Ryan Remiorz

While the recession has battered many American sports, NHL Commissioner Gary Bettman said his league has remained strong, due to increasing viewership and advertising opportunities.

"While we are under no illusions about a difficult economic environment, we seem to be weathering it fairly well," he said in an interview with Reuters at Boston's Fenway Park.

After record attendance and revenue the previous season, the momentum continued with high levels of viewership and fan support this year, Bettman said. Game seven of the Stanley Cup Final captured the biggest NHL audience in 36 years.


Last season, the NHL saw regular-season attendance of 21.5 million, the fourth straight record year. Bettman said in January he expected revenue this year to top last season's record of more than $2.6-billion (all currency U.S.).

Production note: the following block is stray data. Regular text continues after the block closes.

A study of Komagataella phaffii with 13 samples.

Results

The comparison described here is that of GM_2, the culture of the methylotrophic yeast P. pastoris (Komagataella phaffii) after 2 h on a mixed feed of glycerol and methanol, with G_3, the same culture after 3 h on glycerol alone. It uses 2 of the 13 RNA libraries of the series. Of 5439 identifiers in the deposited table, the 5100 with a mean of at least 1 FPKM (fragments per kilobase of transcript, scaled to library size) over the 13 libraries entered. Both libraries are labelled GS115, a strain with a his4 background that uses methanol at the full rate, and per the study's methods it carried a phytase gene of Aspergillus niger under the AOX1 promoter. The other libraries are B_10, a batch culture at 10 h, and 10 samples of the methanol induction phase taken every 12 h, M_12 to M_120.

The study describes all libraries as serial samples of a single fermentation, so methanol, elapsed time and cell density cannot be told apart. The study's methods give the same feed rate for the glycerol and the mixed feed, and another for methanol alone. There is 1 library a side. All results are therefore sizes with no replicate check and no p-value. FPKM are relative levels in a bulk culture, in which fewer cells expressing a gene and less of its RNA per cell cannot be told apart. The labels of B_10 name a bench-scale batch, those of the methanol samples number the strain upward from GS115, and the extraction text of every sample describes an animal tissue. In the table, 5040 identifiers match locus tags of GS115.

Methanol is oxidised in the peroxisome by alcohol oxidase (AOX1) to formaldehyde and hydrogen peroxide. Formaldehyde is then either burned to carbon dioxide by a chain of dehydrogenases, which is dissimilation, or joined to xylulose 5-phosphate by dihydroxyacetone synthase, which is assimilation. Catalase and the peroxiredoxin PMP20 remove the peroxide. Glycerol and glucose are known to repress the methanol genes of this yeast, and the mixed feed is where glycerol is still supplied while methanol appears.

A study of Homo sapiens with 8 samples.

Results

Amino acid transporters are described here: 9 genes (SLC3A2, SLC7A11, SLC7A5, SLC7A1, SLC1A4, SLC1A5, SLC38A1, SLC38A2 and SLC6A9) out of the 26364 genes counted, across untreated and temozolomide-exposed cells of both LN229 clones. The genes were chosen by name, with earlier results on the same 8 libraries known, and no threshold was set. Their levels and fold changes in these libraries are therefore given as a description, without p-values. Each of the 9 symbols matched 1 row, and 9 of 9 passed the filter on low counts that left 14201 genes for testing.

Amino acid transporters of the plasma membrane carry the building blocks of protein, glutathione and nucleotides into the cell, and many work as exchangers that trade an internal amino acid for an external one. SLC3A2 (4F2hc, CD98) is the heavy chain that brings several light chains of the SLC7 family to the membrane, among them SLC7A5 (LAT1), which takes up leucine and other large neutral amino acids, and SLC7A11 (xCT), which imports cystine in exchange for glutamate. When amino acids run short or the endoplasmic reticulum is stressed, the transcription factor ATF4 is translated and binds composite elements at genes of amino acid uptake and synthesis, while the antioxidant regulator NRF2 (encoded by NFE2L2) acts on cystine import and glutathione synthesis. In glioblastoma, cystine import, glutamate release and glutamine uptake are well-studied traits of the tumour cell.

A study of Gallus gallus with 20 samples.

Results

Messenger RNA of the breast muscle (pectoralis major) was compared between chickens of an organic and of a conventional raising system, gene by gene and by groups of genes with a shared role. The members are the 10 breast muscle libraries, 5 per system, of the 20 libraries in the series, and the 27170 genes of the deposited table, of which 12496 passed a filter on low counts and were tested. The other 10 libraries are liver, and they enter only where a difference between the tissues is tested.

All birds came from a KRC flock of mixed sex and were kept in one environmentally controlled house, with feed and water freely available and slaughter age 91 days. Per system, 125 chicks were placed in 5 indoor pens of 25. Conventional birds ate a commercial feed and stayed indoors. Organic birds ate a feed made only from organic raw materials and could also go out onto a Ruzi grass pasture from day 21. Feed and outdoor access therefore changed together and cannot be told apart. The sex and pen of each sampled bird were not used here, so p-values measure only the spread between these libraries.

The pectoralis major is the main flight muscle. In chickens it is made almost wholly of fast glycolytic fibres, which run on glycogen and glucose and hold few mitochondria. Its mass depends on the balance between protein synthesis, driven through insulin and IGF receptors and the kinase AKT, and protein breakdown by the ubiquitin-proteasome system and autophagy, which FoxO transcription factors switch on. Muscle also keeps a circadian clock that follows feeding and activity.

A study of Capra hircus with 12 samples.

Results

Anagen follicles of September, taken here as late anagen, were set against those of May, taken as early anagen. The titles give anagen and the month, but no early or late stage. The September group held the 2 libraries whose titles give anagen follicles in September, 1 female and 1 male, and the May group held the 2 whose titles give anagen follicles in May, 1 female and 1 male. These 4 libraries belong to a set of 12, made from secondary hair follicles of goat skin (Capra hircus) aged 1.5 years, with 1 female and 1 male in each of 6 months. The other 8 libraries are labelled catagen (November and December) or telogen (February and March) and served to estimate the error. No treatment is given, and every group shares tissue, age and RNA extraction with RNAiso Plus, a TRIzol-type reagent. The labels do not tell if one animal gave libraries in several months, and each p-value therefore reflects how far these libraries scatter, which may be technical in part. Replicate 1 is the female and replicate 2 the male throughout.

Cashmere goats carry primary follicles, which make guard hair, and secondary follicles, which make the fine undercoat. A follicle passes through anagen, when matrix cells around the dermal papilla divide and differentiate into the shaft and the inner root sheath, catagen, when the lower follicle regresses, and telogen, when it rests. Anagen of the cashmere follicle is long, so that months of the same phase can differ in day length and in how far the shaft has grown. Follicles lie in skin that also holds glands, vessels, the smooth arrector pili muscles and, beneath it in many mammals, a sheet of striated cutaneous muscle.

Advertiser interest was evident in the most recent Winter Classic game, which saw more sponsors and more money spent than in 2008, Bettman said. The game, at Chicago's Wrigley Field, sold out all of the nearly 41,000 tickets in less than an hour.

More sponsors are expected for Boston's 2010 event at Fenway Park, he said, after the 2009 Winter Classic was the most-watched regular season game for the NHL in 34 years.

The event gave the NHL a starring role on New Year's Day, said Bettman. "We are now the focal point of a day that was all about college football," he said. "Now it's all about us."

The recession has hit many sports leagues, forcing the National Football League and National Basketball Association to cut jobs, Major League Baseball to freeze budgets and the Arena Football League to cancel its 2009 season.

The NHL has not entirely escaped the effects of the downturn, however, as some individual teams have struggled financially.


In April, creditors Hicks Sports Group, which owns the NHL's Dallas Stars as well as the Texas Rangers baseball team, defaulted on $525-million in loans.

Bettman declined comment on either of the team's financial situations.